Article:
Wo führt uns unser genetisches Wissen hin?

Das Entschlüsseln des menschlichen Genoms hat uns Einsichten in die menschliche Natur, in unsere Beziehung zur Welt und in unserer Zukunft gebracht. Wir kennen jetzt die Gruppe von Anweisungen, welche die menschliche Entwicklung regelt, nämlich die Art und Weise wie jeder von uns aus einer Zelle (dem befruchteten Ei) zu einem erwachsenen Menschen aus Hunderten von Billionen Zellen unterschiedlicher Art herangewachsen ist. Was wird das nächste sein?

Die Sprache des Genoms ist die DNA; ihr Alphabet besteht gerade einmal aus vier verschiedenen Buchstaben: G, C, A, und T. Doch das Genom enthält drei Milliarden dieser Buchstaben. Das Projekt "menschliches Genom" trug sie in ein 'Buch des Lebens' ein; dieses besteht aus 500 Bänden mit je 1.000 Seiten; auf jeder Seite stehen im Durchschnitt 1.000 Wörter zu je sechs Buchstaben. Hinsichtlich seiner Arbeitsweise besteht das menschliche Genom aus einem langen Satz, der drei Milliarden Buchstaben umfasst. Dieser gliedert sich in 24 Satzteile, die Chromosomen, die jeweils zwischen 45 bis 280 Millionen Buchstaben umfassen.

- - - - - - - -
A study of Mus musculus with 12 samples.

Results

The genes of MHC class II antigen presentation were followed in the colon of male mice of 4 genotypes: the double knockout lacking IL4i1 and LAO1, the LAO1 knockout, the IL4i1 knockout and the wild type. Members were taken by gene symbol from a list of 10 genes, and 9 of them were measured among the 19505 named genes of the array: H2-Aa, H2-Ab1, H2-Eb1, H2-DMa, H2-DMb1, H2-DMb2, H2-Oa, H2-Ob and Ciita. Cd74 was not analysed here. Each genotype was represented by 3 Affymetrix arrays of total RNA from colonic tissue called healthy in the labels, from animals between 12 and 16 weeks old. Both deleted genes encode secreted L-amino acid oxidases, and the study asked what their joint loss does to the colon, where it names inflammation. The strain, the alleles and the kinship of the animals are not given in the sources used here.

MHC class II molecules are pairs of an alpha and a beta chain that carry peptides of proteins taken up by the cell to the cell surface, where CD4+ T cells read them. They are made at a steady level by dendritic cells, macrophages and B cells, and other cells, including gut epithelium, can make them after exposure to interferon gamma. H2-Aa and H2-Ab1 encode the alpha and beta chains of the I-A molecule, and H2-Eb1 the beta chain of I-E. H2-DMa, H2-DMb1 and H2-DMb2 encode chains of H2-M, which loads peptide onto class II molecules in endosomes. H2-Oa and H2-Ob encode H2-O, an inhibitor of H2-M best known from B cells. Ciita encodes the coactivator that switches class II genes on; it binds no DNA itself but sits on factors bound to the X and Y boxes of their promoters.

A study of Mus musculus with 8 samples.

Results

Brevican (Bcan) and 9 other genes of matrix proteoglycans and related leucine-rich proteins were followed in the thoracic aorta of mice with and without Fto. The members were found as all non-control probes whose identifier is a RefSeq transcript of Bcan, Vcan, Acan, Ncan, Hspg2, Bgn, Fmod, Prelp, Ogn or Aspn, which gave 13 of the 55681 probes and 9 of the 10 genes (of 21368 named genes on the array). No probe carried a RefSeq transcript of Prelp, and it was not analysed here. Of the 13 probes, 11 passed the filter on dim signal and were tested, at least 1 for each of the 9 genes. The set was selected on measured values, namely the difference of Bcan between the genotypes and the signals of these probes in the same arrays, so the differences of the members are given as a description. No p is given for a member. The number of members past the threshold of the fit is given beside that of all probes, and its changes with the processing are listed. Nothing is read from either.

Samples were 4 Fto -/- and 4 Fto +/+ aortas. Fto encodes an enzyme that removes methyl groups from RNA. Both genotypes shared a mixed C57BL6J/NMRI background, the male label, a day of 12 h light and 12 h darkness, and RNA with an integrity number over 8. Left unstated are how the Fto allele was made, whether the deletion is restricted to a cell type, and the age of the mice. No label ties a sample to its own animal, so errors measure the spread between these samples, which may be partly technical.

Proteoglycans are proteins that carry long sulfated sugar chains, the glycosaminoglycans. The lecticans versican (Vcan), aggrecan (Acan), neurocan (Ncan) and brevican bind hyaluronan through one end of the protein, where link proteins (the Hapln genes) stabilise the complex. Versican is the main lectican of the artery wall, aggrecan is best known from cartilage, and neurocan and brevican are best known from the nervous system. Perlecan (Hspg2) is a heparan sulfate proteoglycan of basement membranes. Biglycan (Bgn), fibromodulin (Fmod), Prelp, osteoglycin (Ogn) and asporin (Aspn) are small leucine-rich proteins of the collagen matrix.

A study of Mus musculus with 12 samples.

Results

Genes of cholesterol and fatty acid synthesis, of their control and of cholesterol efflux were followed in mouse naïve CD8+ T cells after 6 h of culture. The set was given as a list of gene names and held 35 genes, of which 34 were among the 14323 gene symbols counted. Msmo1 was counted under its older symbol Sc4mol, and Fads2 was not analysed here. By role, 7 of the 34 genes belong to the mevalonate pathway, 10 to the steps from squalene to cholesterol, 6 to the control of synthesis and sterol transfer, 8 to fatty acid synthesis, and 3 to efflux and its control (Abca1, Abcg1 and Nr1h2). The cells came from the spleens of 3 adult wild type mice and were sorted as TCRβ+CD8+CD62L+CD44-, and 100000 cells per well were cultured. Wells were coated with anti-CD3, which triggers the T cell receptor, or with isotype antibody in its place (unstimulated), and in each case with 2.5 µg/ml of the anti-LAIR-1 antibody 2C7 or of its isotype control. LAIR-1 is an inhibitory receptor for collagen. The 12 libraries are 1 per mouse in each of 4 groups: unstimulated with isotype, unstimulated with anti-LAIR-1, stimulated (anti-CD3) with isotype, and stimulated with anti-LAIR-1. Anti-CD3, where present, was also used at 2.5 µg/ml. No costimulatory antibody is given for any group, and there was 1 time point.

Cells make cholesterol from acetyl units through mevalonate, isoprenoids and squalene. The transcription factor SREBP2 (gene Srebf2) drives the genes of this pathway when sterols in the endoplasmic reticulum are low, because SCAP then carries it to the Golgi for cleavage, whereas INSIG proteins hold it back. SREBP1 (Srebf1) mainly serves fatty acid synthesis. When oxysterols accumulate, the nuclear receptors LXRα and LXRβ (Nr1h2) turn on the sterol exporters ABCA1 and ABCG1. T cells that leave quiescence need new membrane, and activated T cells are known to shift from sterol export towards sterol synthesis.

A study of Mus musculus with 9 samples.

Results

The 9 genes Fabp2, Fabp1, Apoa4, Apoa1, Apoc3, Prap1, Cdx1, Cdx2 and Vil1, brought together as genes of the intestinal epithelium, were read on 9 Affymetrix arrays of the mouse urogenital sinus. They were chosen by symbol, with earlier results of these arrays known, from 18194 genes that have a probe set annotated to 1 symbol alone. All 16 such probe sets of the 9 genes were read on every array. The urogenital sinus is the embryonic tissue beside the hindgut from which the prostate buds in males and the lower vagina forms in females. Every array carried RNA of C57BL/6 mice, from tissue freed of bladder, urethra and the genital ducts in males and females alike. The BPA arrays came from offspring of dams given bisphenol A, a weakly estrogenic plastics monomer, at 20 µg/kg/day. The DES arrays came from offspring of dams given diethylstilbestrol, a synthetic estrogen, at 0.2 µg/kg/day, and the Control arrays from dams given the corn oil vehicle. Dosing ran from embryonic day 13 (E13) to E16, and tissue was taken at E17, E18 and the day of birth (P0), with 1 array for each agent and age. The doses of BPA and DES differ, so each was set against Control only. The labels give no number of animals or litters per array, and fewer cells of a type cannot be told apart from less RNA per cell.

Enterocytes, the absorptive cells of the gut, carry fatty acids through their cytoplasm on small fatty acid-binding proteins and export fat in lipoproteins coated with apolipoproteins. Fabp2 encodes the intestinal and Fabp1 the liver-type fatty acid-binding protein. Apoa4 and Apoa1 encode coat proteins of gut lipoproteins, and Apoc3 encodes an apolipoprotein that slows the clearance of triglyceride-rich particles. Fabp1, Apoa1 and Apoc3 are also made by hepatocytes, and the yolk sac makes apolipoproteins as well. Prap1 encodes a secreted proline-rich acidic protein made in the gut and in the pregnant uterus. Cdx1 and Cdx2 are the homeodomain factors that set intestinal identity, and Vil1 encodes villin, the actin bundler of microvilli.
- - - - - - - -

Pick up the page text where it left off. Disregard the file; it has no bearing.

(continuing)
In einem Buch werden Wörter in Sätze gefasst, Sätze in Absätze und Absätze in Kapitel. Jede dieser Ebenen bietet eine höhere, umfassendere Stufe der Aussage. Das gleiche gilt für das menschliche Genom. Die Wörter des DNA sind die Gene, sie kodieren Proteine (Eiweiß), die molekularen Bausteinen des Lebens. Gene und Proteine wiederum werden zu biologischen Organen verbunden, zu Herz, Gehirn, Nieren, und so weiter, und diese führen die Funktionen des Lebens aus.